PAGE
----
The increasing importance of ‘the why’
There is a growing desire from employees to work for organisations with a solid reputation, reward for performance, clear career trajectory and a culture of collaboration. It is no longer just about how much they can make or if they can become the top employee.
There is a growing desire from employees to work for organisations with a solid reputation, reward for performance, clear career trajectory and a culture of collaboration. It is no longer just about how much they can make or if they can become the top employee. They want to work for an organisation that provides a greater meaning beyond generating profits for the owners or shareholders.
Surprisingly, employers continue to underestimate the importance of their employee value proposition. Over nine in ten (91%) employees consider it important that their workplace provides some greater purpose or meaning beyond making money, however just 85% of employers believe their workers feel this way. Both male (90%) and female (92%) employees do feel this way, and it is not just important to younger workers but widespread across generations (94% under 35, cf. 91% 35-49, 90% 50 years and over) around Australia and New Zealand and across industries.
Astonishingly, more employees than employers are aware that their organisation has an EVP.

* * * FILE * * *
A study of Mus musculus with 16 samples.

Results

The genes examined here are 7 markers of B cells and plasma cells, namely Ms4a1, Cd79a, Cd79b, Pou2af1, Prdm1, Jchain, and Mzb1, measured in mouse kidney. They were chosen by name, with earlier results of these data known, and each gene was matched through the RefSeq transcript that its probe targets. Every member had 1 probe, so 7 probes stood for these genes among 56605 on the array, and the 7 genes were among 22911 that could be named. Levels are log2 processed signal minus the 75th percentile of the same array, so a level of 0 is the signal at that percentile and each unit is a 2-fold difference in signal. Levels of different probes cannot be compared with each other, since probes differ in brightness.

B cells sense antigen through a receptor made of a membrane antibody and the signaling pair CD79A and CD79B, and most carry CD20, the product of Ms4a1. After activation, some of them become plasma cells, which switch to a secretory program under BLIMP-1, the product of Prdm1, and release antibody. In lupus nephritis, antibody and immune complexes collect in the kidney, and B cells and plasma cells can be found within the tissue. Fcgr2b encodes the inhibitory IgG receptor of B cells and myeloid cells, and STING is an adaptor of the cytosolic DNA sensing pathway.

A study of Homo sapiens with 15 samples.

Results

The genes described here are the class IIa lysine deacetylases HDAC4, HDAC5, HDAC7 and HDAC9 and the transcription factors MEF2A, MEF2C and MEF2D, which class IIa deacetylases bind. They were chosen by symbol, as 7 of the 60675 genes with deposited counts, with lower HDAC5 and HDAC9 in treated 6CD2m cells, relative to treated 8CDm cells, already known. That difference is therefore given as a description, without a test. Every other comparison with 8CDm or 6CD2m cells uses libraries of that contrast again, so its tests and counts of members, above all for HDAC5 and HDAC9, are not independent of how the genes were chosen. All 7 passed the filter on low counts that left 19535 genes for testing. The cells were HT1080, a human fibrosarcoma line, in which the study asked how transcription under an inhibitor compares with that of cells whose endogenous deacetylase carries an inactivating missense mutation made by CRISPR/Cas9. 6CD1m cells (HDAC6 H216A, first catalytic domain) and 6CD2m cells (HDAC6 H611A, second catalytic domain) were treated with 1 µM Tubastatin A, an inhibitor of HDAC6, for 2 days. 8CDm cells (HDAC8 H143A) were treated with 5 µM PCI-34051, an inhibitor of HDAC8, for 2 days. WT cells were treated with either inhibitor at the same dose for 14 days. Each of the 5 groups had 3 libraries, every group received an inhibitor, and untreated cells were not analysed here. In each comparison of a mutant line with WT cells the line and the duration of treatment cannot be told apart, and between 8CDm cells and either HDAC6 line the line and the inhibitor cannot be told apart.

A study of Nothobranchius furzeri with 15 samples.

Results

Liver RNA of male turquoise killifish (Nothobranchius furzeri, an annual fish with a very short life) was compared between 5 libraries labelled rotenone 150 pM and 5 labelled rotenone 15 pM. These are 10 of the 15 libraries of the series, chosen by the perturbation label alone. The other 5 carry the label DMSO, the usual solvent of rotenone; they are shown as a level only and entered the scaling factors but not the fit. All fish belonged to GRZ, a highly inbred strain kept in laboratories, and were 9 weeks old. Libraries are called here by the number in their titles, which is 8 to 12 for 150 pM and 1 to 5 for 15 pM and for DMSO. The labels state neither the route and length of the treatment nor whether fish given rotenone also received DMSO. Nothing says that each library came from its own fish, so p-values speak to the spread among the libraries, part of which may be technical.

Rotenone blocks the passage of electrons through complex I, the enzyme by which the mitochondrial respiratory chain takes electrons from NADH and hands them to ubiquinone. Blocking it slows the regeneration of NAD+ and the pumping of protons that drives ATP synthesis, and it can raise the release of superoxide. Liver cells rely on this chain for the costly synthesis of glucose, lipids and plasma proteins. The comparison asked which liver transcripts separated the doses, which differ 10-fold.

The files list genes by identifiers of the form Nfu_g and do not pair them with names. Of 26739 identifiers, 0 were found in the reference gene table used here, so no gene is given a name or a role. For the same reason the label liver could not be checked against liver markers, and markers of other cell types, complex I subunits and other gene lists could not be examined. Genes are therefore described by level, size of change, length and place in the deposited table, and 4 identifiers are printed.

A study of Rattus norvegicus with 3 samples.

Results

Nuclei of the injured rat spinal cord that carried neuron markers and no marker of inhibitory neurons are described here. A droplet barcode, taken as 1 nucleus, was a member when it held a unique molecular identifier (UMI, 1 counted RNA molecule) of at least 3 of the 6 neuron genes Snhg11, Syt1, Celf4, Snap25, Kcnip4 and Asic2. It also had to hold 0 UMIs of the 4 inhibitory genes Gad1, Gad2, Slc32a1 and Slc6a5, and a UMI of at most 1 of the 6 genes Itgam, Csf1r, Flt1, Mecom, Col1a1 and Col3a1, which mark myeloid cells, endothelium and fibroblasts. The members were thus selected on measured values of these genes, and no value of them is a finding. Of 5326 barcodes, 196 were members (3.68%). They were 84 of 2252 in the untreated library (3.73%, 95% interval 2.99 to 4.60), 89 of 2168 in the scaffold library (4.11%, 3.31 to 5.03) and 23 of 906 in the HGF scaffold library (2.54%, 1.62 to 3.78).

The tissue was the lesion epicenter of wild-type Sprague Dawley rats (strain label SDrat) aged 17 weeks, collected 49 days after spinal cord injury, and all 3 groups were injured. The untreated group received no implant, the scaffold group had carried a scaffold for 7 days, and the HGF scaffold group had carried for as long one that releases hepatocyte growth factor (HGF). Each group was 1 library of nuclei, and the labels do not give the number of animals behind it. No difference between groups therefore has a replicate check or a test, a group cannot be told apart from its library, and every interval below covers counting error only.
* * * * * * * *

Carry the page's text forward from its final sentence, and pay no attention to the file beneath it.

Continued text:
When the predicted talent shortage comes to fruition, organisations that can redefine their employee value proposition to include a balance of economic, technological, demographical and social aspects will be able to differentiate themselves and stand out from the crowd by becoming a company that people want to work for.
What can employers do better?
Just over half (53%) of employees believe their employer looks after their needs well, and the same proportion (54%) believe their employment contract meets their needs. But just as many employers agree (30%) as disagree (36%) that promoting meaning is more about effective marketing to staff than creating lasting change.
It is not all bad news for employees, almost half (49%) of employers agree that employees have forced their organisation to become more conscious of the impact they have on people, culture and the environment, and 33% have reshaped their talent management practises to include a greater focus on meaning.
Organisations in New Zealand are more likely than their Australian counterparts to have changed their management processes to include a greater focus on meaning (54%; cf. Australian employers 31%), and New Zealand employers are more likely to disagree that promoting meaning is more about marketing to staff than creating lasting change (67%; cf. Australian employers 33%).
* Today’s workforce is more dynamic and more demanding than ever. Data is becoming a valuable currency. Employees are demanding more flexible, dynamic and diverse work arrangements. A multigenerational workforce – four generations working side by side - breakneck technological advances and increasing globalisation are forcing the business world to re-think previously successful people strategies.
This whitepaper explores emerging trends in talent management and examines how we are managing talent in an environment increasingly characterised by change.
For Talent Management – the next wavewe surveyed 233 senior managers, leaders and specialists and 287 employees across Australia and New Zealand to gain their insights into talent management.